European Parliament adopts new Rules of Procedure strengthening hate speech sanctions
The European Parliament voted to adopt new Rules of Procedure which will take effect from 1st January 2017. The newly adopted Rules of Procedure are the result of negotiations led by the Socialist and Democrat Rapporteur Richard Corbett between all of the European Parliament’s political groups.
The Rules of Procedure govern the activities of the European Parliament, Members of European Parliament, staff and lobbyists. In particular, the Rules of Procedure have specific articles (165 and 166) on the Conduct of Members of European Parliament and sanctions that are available against Members of European Parliament who breach Article 165.
In the newly adopted Rules of Procedure, Members will now be sanctioned if they use defamatory, racist or xenophobic language or undertake actions to disrupt parliamentary activity. Penalties for serious misbehaviour have also been increased (up to 30 days daily allowance, doubled in case of repetition) and Members will no longer being able to represent the European Parliament externally for up to a year. The European Parliament Anti-Racism and Diversity Intergroup together with the European Network Against Racism (ENAR) and the European Region of the International Lesbian, Gay, Bisexual, Trans and Intersex Association (ILGA-Europe) have worked with the Rapporteur and the political groups in the European Parliament to ensure the strengthening of the rules.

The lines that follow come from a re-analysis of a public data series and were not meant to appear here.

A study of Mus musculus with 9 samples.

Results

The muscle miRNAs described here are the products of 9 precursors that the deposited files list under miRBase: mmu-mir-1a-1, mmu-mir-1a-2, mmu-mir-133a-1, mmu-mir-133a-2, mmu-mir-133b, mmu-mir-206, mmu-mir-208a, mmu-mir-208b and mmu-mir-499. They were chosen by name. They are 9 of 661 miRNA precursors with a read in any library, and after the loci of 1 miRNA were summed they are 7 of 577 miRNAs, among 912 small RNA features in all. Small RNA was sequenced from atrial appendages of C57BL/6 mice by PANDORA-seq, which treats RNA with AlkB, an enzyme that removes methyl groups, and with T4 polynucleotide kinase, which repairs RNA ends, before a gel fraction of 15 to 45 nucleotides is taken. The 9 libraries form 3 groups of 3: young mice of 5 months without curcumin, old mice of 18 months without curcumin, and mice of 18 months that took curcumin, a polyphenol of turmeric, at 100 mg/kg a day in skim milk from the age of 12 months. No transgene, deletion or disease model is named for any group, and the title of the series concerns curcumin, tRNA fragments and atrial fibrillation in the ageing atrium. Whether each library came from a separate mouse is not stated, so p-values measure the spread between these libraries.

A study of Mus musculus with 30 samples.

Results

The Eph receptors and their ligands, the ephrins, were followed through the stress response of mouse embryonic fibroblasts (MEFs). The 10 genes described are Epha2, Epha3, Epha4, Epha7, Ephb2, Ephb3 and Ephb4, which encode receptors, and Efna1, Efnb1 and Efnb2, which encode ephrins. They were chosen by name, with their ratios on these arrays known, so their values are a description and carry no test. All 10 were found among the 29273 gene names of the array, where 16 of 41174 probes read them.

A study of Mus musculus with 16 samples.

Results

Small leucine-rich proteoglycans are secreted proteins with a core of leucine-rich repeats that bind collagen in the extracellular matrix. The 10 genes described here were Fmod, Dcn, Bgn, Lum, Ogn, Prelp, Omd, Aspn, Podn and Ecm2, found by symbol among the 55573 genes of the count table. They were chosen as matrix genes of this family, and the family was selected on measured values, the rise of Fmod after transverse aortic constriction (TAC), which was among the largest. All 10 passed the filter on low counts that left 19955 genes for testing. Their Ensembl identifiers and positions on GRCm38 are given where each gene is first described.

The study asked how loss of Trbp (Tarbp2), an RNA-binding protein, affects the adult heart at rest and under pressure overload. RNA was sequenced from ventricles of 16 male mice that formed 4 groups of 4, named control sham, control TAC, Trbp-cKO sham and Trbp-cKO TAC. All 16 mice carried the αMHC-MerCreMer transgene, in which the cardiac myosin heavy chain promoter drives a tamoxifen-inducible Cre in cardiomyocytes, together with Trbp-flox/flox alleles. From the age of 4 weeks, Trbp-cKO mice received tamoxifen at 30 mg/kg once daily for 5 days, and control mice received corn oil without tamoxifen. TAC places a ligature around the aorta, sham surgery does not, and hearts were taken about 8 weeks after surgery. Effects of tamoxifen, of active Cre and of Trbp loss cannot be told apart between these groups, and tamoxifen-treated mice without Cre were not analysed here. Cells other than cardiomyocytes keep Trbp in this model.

Cécile Kyenge, Co-President of ARDI, said: “Every racist or discriminatory expression and incitement to hatred is by its very nature incompatible with the responsibilities that we are called to fulfill as MEPs. This is why the decision of the European Parliament gives an important signal: racism and discrimination can never be an instrument of political campaigning.”
Soraya Post, Co-President of ARDI, said: “The adoption of the Rules of Procedure are an important step forward and make it be clear that Parliament as a democratic institution does not accept hatred, racism and discrimination, especially from our elected officials.”
Michael Privot, Director of ENAR, said: “This decision is a clear signal that the European Parliament takes racist speech seriously. If politicians make comments that incite to hatred, they must be held accountable and be sanctioned. We now hope national parliaments across Europe will follow suit.”